Thursday, May 02, 2013
Europe watching U.S. smart grid developments
The United States is among the leaders in the smart grid industry, but it may not be positioned to stay there. Arecent study from Memoori researchfound that smart grid penetration in the United States is the highest in the world, but the current path of grid projects could lead to the countryfalling behind parts of Europe over time.
The study, which Memoori published in summary in Intelligent Utility, found that government investments have helped fuel effective smart grid deployment in the United States, but that electric grid in the nation should be farther along the path to smart grid than it is considering how much money has been pushed into the network. Conversely, Northern Europe, has not developed the same penetration rate for smart grid projects, but may have a better foundation in lace for future growth.
Comparing the United States and Europe in smart grid development
Jim McHale, founder of Memoori, explained that public founding has helped fuel smart grid spending in the United States, but held back innovation in Europe.
"In the U.S., smart grid investment was approximately $7 billion in 2012, including refurbishment business to incrementally improve and smarten up the control and reliability of the electrical network," said McHale. "Nevertheless, these numbers are disappointing given that the 2009 American Recovery and Reinvestment Act provided a major incentive for the industry with more than $4 billion in grant funding for smart grid program demonstrations, which was significantly larger than any public funds contributed in Europe."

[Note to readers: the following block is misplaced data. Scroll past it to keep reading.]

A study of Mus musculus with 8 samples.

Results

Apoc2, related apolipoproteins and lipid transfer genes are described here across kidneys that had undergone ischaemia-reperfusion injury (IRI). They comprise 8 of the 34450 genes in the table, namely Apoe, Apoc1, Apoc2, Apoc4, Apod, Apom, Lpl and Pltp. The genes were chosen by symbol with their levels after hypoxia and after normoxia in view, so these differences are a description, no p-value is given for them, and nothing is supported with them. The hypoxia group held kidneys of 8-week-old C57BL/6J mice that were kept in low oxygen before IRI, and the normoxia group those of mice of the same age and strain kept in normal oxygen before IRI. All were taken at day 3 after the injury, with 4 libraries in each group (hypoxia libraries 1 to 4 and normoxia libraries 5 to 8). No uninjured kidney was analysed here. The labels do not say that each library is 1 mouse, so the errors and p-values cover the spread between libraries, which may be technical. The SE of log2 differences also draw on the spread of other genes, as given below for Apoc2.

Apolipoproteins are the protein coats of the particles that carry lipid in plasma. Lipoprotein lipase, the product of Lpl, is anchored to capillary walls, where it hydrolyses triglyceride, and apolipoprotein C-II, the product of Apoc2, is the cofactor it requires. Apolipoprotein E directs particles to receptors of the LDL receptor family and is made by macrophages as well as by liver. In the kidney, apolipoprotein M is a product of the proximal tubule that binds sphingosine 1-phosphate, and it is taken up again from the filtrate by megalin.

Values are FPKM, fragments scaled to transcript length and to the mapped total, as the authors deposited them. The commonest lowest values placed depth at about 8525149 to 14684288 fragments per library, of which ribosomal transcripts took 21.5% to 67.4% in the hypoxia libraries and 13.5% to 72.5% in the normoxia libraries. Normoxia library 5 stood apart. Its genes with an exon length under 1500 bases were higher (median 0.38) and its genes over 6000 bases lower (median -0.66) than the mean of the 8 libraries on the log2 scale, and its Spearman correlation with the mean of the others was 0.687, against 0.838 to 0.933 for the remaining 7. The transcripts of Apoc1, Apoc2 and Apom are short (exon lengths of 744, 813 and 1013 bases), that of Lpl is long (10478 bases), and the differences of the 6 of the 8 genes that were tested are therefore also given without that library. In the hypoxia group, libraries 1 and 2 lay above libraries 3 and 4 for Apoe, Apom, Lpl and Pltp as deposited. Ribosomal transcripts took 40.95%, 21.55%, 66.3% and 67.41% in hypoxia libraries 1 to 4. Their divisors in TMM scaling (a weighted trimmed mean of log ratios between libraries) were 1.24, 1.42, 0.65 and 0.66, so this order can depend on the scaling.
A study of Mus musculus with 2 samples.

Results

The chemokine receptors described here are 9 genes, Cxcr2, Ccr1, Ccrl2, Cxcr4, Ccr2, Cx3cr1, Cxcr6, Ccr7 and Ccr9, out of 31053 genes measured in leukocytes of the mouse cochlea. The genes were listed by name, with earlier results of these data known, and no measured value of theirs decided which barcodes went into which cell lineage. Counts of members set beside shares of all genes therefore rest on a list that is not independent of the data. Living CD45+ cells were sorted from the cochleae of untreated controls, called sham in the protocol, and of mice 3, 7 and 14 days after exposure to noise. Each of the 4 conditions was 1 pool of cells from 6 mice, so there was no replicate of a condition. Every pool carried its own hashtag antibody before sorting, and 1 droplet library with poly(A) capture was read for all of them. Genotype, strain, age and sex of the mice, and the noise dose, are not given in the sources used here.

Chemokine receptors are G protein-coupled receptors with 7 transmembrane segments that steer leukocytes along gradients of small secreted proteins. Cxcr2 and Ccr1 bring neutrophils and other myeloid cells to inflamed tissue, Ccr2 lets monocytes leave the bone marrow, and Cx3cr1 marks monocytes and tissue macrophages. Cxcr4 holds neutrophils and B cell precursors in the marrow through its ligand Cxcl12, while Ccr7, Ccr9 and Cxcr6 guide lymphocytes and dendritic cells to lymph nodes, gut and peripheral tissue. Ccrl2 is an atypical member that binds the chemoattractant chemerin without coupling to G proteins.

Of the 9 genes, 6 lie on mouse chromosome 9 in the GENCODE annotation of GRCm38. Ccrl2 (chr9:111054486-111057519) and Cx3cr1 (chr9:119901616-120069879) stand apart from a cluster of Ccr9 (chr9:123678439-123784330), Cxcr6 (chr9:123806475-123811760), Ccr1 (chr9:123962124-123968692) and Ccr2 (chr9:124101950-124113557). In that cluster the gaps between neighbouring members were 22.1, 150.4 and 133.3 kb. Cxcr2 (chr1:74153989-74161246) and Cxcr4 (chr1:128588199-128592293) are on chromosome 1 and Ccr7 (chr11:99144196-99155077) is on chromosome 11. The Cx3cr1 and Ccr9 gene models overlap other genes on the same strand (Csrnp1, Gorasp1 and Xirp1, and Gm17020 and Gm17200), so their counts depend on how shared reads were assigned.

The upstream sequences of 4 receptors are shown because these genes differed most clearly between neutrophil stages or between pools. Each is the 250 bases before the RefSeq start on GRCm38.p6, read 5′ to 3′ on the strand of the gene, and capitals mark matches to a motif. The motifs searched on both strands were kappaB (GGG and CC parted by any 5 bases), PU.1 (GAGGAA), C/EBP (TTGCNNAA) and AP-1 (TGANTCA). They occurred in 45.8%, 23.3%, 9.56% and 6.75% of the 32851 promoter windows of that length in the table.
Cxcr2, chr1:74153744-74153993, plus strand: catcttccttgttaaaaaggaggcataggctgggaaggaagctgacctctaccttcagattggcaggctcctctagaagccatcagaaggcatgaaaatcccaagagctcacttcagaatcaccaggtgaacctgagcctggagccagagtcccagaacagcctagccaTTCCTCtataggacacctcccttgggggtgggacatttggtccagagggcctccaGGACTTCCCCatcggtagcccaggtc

While initial smart grid developments have not flourished as much in Europe, many utility companies in the nation have done a good job making gradual upgrades to the utility grid. In particular, spending on digital control systems and variable renewables has positioned many European nations for a natural path to the smart grid, but there are still plenty of roadblocks, such as energy costs that are already high McHale explained.
Taking smart grid to another level
Terminal servers and other network tools can help utility providers take their smart grids from initial deployment and turn them into a more mature architecture. Serial to Ethernet technologies can enable grid operations to connect diverse grid equipment and help energy companies develop a solid smart grid setup. This allows them to maximize the value of communicationarchitectures in the grid and create a return on investment.
Perle offers a range of cost effective serial-to-Ethernet converters to help meet NERC-CIP compliance for the protection of critical cyberassets in substations. The IOLAN SDS HV/LDC Terminal Server is designed to meet harsh environments associated with Power Substations with attributes such as support for substation AC and DC voltage ranges, extended operating temperatures and meeting emission, immunity and safety approvals associated with substation IT equipment.